It provides various classes for handling graphics, input, etc, but I would like to wrap it all up in a single Media class.

I believe that by doing so, I could simplify my effort and have the class take care of the details, limiting the amount of code I have to write and therefor limiting chances for a bug to sneak past my eyes.

However, I have read several times that monolithic, do-it-all classes such as this might not be a good idea.

Why is that?



The answer is: Not necessarily! But in your case: Probably!

I guess what you are trying to do also has a name: It's called the facade pattern and is used to simplify complex routines and sequential dependencies for the user.

It provides various classes for handling graphics, input, etc, but I would like to wrap it all up in a single Media class.

I smell bad OO Design here because you give a class multiple responsibilities. Input Handling should not share code with the graphics routines. This class could very well add up to something unmaintainable eventually.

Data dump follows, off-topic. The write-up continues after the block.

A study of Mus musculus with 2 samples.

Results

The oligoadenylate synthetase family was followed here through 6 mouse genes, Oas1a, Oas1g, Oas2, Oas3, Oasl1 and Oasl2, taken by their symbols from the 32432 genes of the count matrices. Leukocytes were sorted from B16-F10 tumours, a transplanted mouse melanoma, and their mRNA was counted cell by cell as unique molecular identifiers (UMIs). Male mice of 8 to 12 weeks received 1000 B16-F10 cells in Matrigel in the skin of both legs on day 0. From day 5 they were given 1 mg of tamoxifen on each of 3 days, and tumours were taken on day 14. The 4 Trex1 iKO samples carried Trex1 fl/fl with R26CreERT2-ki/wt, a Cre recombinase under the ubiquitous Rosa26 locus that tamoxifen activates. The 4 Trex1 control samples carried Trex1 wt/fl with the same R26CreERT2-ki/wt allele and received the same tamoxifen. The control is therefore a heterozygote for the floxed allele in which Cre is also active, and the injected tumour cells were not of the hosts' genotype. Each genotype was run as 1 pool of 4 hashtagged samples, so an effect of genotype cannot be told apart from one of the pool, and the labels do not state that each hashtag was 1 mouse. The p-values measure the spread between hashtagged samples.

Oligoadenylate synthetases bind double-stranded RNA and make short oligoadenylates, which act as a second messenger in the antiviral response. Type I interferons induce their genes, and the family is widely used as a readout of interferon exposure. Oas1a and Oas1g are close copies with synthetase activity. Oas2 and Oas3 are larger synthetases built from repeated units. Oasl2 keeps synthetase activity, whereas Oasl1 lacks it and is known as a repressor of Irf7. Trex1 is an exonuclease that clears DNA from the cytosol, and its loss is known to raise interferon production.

However, I have read several times that monolithic, do-it-all classes such as this might not be a good idea.

Why is that?

It's all about maintainability. You're coupling things which do not belong together, and every part of your system that uses it then has a strong coupling to these things as well. Let me give you a quick example of code I saw recently:

//bad! This is in a data access class! I have effectively coupled it to web libraries by using HttpServletRequest
public List<Reason> getReasons(HttpServletRequest request, String filter) {
    Locale locale = request.getLocale();
    //get reasons and process according to locale
}

//much much better: No coupling/dependencies to web environment
public List<Reason> getReasons(Locale locale, String filter) {
    //get reasons and process according to locale
}

Think about this example: If I'd use that class in Desktop-Application, I'd still have all the web stuff in there, just because someone decided to use HttpServletRequest. It'd be an unecessary dependency.

You might ask how this is directly related to your question, and the answer is: It's all about dependencies/coupling. The more dependencies, the stronger your couplings, the harder your code will be to reuse or to enhance or to maintain without carrying around a lot of garbage or using ugly hacks.